Appearing in the October issue of Learned Publishing, “The profits of free books: an experiment to measure the impact of open access publishing,” describes the results of an experiment in making online books freely available in Google Books and an institutional repository.  The author is Ronald Snijder of the Amsterdam University Press (AUP).

Employing a rigorous 2 x 2 factorial design, 100 carefully selected books were placed into one of four experimental groups:

  1. Accessible from Google Books
  2. Accessible from the AUP repository
  3. Accessible from Google Books plus the AUP repository
  4. Accessible from neither service (the control)

Over a period of nine months, Snijder counted page views (from Google Books), downloads (from the repository), book sales (from AUP) and citations (from Google Scholar).

He reports that while open access increases page views and downloads, it does not translate into more sales or citations:

OA publishing enhances discovery and online consultation. Within the context of the experiment, no relation could be found between OA publishing and citation rates

In terms of discovery, Google Book Search was superior to the institutional repository, Snijder writes.  What is counter-intuitive about his results, however, was that single-channel distribution methods (either Google Books or the institutional repository) were superior to both methods used simultaneously.  Responding to my statistical query by email, Snijder stated that use of the institutional repository was “extremely poor” and that this may have “skewed” his results.

In explaining the absence of an increase in sales as a result of providing free online access, Snijder blames weak library book budgets as the probable cause. Still, he remains hopeful about the function academic presses have in disseminating new knowledge:

Publishing as OA is still useful by making unaffordable books available [and yet] a sustainable business model cannot be exclusively build on extra sales generated from OA publishing

His words were apparently penned before the demise of some key academic presses.


Phil Davis

Phil Davis is a publishing consultant specializing in the statistical analysis of citation, readership, publication and survey data. He has a Ph.D. in science communication from Cornell University (2010), extensive experience as a science librarian (1995-2006) and was trained as a life scientist.


9 Thoughts on "When the Love of Books Doesn’t Increase Sales or Citations"

Hi there, link to article doesn’t seem to work (getting 404 at ingenta).

Were the books all priced the same?

How was the user of the book supposed to alert their librarian to purchase? Has the study actually measured the lack of connection between the institutional purchaser and the actual end user?

Sorry about the link, Learned Publishing will be making it available in OA.

The books were not priced all the same, but what I tried to do is create 4 sets of books that were as equal as possible. So, expensive books were to be found in all sets, just like the cheaper ones.

A list of titles is to be found here:

Regarding the connection between buyers and readers: I did hope to find that free books would lead to more ‘spontaneous’ sales. As this did not happen, it does seem logical that academic books – at least as published by AUP – are sold to institutions. And apparently – but I’m speculating here – those organizations are using criteria that are not influenced by accessibility or online usage.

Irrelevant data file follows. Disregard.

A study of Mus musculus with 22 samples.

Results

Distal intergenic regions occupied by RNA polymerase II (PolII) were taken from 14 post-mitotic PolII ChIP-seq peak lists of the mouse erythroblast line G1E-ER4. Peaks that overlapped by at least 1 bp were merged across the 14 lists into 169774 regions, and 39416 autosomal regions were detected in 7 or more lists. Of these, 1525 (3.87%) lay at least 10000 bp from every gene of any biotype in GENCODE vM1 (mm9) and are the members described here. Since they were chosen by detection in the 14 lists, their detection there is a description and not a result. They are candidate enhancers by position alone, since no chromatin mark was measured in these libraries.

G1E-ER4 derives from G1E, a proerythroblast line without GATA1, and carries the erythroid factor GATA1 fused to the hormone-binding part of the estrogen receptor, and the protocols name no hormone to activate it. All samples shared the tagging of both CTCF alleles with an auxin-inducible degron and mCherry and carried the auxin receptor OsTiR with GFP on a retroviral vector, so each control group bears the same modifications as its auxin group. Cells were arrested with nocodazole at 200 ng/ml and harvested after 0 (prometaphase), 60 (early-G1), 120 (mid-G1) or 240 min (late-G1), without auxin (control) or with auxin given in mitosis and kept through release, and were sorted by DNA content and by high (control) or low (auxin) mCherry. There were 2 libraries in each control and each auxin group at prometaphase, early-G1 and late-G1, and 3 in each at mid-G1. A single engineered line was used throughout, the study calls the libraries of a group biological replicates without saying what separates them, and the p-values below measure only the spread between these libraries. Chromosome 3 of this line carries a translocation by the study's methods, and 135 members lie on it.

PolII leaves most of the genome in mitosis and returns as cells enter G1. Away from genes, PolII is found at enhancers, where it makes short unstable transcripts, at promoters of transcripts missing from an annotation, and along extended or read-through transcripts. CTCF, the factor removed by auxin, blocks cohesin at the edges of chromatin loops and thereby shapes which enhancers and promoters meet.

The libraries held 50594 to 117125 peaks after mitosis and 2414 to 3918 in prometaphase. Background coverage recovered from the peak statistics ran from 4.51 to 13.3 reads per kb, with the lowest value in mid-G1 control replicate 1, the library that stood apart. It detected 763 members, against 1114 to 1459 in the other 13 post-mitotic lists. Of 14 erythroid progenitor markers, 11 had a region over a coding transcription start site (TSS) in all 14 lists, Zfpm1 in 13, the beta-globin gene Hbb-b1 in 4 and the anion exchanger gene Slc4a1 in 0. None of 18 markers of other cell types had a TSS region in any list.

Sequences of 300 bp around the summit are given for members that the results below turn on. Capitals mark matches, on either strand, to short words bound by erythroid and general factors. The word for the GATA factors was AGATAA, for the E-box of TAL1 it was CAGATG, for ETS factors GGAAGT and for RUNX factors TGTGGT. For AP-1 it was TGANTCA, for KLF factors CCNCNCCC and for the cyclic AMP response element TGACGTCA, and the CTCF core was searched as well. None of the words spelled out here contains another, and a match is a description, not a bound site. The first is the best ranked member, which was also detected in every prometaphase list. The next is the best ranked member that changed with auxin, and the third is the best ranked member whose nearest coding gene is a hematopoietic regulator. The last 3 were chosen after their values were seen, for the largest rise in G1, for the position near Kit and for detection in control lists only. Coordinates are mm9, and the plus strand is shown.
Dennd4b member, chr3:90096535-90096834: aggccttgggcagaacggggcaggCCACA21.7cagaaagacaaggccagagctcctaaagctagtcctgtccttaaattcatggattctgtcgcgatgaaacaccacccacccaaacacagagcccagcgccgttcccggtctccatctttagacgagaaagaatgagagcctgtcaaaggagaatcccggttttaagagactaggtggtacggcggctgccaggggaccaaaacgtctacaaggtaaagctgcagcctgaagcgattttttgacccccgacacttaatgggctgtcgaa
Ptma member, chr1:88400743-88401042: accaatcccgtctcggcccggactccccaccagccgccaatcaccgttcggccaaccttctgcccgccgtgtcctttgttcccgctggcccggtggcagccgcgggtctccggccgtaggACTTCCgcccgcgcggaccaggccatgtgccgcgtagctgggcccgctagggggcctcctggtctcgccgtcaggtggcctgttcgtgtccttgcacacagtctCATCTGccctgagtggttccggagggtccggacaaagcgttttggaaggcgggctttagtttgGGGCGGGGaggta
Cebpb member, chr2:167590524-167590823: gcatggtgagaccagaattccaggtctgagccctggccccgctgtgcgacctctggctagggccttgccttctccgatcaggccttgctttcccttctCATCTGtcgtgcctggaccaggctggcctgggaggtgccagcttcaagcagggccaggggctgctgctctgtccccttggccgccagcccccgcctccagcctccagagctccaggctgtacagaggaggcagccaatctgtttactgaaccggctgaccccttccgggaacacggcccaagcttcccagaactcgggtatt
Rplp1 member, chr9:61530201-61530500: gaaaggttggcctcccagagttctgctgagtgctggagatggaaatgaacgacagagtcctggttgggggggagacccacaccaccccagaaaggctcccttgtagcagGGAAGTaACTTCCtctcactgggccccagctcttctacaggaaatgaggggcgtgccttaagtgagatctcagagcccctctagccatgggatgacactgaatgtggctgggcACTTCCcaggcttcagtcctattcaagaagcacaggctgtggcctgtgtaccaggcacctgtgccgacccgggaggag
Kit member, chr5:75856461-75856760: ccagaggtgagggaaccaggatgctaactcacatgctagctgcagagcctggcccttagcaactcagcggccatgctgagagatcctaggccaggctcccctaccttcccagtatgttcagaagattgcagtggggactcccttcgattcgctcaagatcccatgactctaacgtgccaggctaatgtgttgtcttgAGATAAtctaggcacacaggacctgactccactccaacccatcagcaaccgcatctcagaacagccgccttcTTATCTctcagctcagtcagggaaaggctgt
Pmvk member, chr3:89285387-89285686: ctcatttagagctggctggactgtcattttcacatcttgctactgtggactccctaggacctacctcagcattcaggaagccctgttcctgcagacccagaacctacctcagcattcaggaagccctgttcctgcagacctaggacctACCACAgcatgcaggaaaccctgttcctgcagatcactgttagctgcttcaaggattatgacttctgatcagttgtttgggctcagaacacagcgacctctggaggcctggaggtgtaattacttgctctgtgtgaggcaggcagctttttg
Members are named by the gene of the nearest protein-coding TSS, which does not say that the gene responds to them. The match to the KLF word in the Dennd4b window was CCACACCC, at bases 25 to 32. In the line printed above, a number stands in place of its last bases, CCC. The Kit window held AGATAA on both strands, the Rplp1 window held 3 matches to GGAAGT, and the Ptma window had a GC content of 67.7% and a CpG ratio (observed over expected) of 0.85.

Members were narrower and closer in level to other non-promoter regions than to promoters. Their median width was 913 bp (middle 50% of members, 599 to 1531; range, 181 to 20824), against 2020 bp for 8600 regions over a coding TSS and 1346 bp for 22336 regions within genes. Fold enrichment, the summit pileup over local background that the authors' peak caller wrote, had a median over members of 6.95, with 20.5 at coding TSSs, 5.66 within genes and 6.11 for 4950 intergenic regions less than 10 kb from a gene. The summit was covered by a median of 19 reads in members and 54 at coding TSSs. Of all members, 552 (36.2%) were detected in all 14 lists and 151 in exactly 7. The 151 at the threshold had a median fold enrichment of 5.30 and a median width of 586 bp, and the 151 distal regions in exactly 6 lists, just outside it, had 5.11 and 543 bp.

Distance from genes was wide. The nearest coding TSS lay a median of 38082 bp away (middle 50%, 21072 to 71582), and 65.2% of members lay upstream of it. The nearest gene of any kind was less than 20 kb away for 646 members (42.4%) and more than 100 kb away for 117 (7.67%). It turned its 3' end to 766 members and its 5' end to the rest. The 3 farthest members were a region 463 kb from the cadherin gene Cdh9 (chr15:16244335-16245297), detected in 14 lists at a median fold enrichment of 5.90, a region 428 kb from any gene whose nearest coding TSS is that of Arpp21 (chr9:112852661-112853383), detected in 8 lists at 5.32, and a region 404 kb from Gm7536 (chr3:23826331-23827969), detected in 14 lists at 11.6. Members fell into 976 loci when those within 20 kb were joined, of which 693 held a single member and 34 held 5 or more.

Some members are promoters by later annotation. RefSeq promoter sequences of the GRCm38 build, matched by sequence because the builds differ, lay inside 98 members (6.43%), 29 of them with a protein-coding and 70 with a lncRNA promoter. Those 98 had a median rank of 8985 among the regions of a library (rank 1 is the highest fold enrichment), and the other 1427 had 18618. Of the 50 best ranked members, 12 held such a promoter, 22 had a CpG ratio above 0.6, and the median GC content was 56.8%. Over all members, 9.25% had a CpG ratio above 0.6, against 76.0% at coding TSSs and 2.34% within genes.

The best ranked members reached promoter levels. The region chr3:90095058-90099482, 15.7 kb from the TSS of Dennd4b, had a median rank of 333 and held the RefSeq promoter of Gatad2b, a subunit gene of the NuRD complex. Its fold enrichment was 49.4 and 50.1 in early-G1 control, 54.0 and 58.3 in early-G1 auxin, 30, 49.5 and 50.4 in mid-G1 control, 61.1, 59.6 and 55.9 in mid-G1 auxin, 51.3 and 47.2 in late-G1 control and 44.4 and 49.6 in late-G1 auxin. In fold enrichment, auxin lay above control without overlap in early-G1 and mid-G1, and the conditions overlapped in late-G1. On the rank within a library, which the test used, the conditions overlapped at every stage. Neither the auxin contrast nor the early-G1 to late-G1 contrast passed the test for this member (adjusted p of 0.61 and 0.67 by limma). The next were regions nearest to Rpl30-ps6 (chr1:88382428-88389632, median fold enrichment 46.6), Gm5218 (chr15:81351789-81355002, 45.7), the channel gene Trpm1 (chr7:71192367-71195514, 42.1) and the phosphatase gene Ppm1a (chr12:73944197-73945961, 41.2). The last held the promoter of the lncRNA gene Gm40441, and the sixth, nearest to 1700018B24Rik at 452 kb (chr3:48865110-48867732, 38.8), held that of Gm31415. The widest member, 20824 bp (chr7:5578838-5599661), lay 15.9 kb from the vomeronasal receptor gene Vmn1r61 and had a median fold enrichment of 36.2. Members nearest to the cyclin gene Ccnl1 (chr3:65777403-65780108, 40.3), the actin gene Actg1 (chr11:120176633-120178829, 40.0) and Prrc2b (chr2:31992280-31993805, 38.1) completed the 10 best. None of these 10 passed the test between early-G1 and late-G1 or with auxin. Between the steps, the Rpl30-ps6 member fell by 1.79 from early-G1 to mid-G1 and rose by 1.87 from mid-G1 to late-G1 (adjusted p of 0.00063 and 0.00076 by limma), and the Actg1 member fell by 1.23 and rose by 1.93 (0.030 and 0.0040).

I did not attempt to directly influence prospective buyers, I tried to find whether online accessibility is an incentive in itself.

Does this answer your question?

Another comment:

I was at the TOC meeting when the study came back on the effect of ‘piracy’ on book sales. Many caveats, but (using O’Reilly books as sample) data indicated that amongst end users, appearance on P2P networks had a neutral to positive effect on book sales. Adjusted the sales curve back a few months in many cases. Also, assumption was that the books would appear almost immediately on the P2P networks (digital copies are easy to replicate). In fact there was a considerable lag time. Data wasn’t conclusive of course. The author of this study wanted more publishers to participate so that a better handle could be obtained on the effects of sharing on sales of front file books. Not sure how successful he was.

One of the assumptions of the ANOVA is that your data are normally distributed. Considering that downloads and page-views are highly-skewed, did you attempt to normalize your data before running your analysis? This may explain why you have some counter-intuitive results with very high F-values.

A common strategy for normalization when a dataset contains zeros is to add 1 to every value and then take the log of the result, i.e. log (value +1)

Thank you for sharing your dataset. I have re-run the analysis on normalized variables and find no evidence that single-channel distribution is superior to multi-channel distribution. Your other findings — that OA does not lead to higher sales and citations — are robust.

A brief errata note in Learned Publishing would be appropriate.

At Penn State we did not conduct any such controlled analysis as this for the OA monograph series in Romance Studies, but our results certainly support the conclusion that OA availability does not increase sales of monographs of this type. Rather, although results for individual titles varied, the overall trend shows a slight decline from sales levels achieved by the monographs in the previous print-only series. This, of course, could be explained by changes in library acquisition practices, including the move away from “just in case” approval plans toward “just in time” customer-driven models. The phenomenon is probably overdetermined in such a way as to make precise statistical analysis difficult in finding any single causal linkage.